HOORAY for John Tusa, whose 20/20: A View of the Century has just won the Broadcasting Press Guild's prize for the best radio programme of the year. This magisterial series takes a lofty, non-chronological view of our turbulent times, by means of a succession of present participles. This week's was called Belonging and it studied the badges we wear to proclaim our various allegiances.

Tusa is a superb teacher. If you stick with him through calamity and dismay, he will lead you towards a tentative optimism, snatched from the teeth of despair. As usual, this week he roamed the world for opinions, talking to an American Indian chief who (I think) was called Mike How- Many-Horses; to a Belfast peace-worker; to an old Indian lady who had witnessed the massacres attendant on Partition: "It was as though a beast were dancing," she sighed, unforgettably.

We have moved, he said, from iron imperial rule to an apparently chaotic maelstrom in which every tiny faction sports its own favour. He agreed with Michael Ignatieff that this is "the narcissism of the minor difference", the tragic irony that the most violent quarrels erupt between peoples who are most alike - Serbs and Croats, for example, or Hutus and Tutsis. Though it seems an incorrigibly self-destructive situation, Tusa, as is his wont, wrenched some joy from it.

When the Apollo astronauts looked back on "this good earth", they saw it as a rich and brilliant whole: from this one-world vision have sprung such movements as Greenpeace and Amnesty International, pointing the way to a future in which the breakdown of empire could reach the limit of the individual, when perhaps, just conceivably, we might all wear the single badge of humanity.

Desmond Tutu is one of Tusa's mentors, sharing this view. From his beleaguered continent came the week's most remarkable talk. Allan Little's African Harvest (R4) was ostensibly about South Africa's first local elections, but, in his attempt to understand the current situation, he ranged from the public execution of William Burke to the building of Great Zimbabwe by ancient, highly sophisticated Africans.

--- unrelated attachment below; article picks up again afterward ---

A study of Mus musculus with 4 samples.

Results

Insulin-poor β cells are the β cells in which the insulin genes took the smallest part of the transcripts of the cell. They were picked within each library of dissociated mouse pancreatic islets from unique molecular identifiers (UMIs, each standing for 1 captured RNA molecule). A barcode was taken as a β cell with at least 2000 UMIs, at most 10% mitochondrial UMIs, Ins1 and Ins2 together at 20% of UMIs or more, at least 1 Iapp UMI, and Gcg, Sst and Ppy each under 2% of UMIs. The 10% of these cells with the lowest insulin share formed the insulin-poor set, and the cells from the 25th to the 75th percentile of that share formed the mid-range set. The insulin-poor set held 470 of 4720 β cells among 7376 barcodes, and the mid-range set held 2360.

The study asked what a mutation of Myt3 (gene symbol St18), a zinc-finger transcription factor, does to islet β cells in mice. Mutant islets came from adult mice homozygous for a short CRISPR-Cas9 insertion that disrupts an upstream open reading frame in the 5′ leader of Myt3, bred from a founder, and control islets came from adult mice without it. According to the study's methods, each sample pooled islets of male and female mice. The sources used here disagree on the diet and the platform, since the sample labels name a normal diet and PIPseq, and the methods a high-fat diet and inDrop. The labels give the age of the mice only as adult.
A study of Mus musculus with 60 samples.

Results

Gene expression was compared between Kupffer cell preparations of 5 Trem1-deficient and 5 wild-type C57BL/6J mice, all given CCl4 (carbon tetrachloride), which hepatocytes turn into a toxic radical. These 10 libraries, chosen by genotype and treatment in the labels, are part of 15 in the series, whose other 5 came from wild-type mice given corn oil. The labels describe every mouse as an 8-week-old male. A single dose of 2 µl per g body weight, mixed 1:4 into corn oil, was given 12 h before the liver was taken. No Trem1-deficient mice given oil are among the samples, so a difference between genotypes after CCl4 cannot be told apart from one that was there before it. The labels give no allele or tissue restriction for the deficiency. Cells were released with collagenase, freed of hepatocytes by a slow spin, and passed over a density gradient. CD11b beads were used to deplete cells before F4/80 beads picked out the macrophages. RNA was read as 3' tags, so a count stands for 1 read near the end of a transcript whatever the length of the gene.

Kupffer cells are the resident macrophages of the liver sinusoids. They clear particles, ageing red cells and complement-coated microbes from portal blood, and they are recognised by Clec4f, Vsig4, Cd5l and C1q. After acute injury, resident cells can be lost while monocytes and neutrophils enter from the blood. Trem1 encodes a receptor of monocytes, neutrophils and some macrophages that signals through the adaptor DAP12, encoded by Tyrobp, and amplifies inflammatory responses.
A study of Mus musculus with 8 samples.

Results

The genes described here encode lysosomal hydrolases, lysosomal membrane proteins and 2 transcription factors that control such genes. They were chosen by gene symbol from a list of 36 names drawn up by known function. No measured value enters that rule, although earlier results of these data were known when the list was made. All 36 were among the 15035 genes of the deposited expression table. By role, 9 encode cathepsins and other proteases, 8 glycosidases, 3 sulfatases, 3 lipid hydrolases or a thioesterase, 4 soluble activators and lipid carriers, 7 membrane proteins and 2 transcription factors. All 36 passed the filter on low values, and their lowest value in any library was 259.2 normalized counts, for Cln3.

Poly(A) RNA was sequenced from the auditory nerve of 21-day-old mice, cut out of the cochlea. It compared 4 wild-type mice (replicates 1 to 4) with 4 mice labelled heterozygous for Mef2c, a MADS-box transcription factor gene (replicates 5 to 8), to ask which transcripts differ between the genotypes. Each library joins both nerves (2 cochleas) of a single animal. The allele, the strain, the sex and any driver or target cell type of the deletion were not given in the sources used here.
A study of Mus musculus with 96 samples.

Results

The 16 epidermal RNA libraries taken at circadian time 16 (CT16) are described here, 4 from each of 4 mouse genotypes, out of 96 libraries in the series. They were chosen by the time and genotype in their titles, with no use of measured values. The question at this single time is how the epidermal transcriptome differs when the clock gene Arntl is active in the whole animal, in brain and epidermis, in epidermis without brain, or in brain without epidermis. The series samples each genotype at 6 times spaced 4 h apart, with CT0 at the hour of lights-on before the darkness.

Burke, who, with his accomplice Hare, is remembered as a body-snatcher, was, in fact, a serial killer, murdering at random to sell bodies to an Edinburgh surgeon. This surgeon, Robert Knox, was a highly regarded racist who propounded the view that the African brain stops developing at adolescence. A scornful Johannesburg sandwich-lady agreed, deriding the political discernment of the African voter, but she was quite outclassed by an old Soweto woman who compared the new democracy to a baby learning to walk, needing gentleness and care. He was moved, said Little, beyond words, but the words he found were perfect.

Almost as condensed and even more personal was Melvyn Bragg's contribution to the Lenten series Stranger Than fiction (R4). Speaking rapidly, almost compulsively, he described his own progress from conventional Anglicanism through impatient "so-called rationalism" to his current acceptance of the intelligence of God working through the universe. He reached an understanding of Christ's last words from the cross with the help of a remark once made to him by Fred Hoyle and by the writings of Anne Conway, a 17th-century philosopher. All this, from the famously sceptical and often irascible host of Start the Week.

Sometimes you can only feel grateful to such broadcasters, who trust us to listen attentively to their profoundest thoughts. Another, in this unexpectedly rich week, was George Szirtes, a poet who took us back 40 years to Hungary 1956 (R3). From president to cleaning-lady, Hungarians remembered that momentous year, which began with floods and earthquake, flowered into the hope of freedom and ended in savagery. "I hadn't realised until then," said one sad old voice, "that bullets actually glow as they fly through the dark."

In the heady days of resistance, people were encouraged to put their radios in open windows, when crowds gathered in the streets to hear the news. If that happened here and now, people would run away, hands over ears, to avoid more awful non-news about cows. I knew it was really serious when The Archers (R4) went into Topical Insert Mode. Apart from a tiny snippet of veal-calf gloom, the last time this happened was during the Gulf War. This week, the producer had prepared as many as three emergency scenes a day to respond to the next government utterance, on behalf of the farming community. It is a relief, at least, to know that Ellie May comes from the purest strain of BSE-free Sussex cattle.

In France, said Kevin Connelly on From Our Own Correspondent (R4), they have more sympathy for us than we might imagine. That might be because the sign "VF" displayed by butchers stands not only for Viandes Francaises but also for Vaches Folles. And it didn't stop them printing a cartoon showing four starving sailors in a lifeboat. Three of them, looking at the fourth, are agreeing, "We can't eat him, he's British."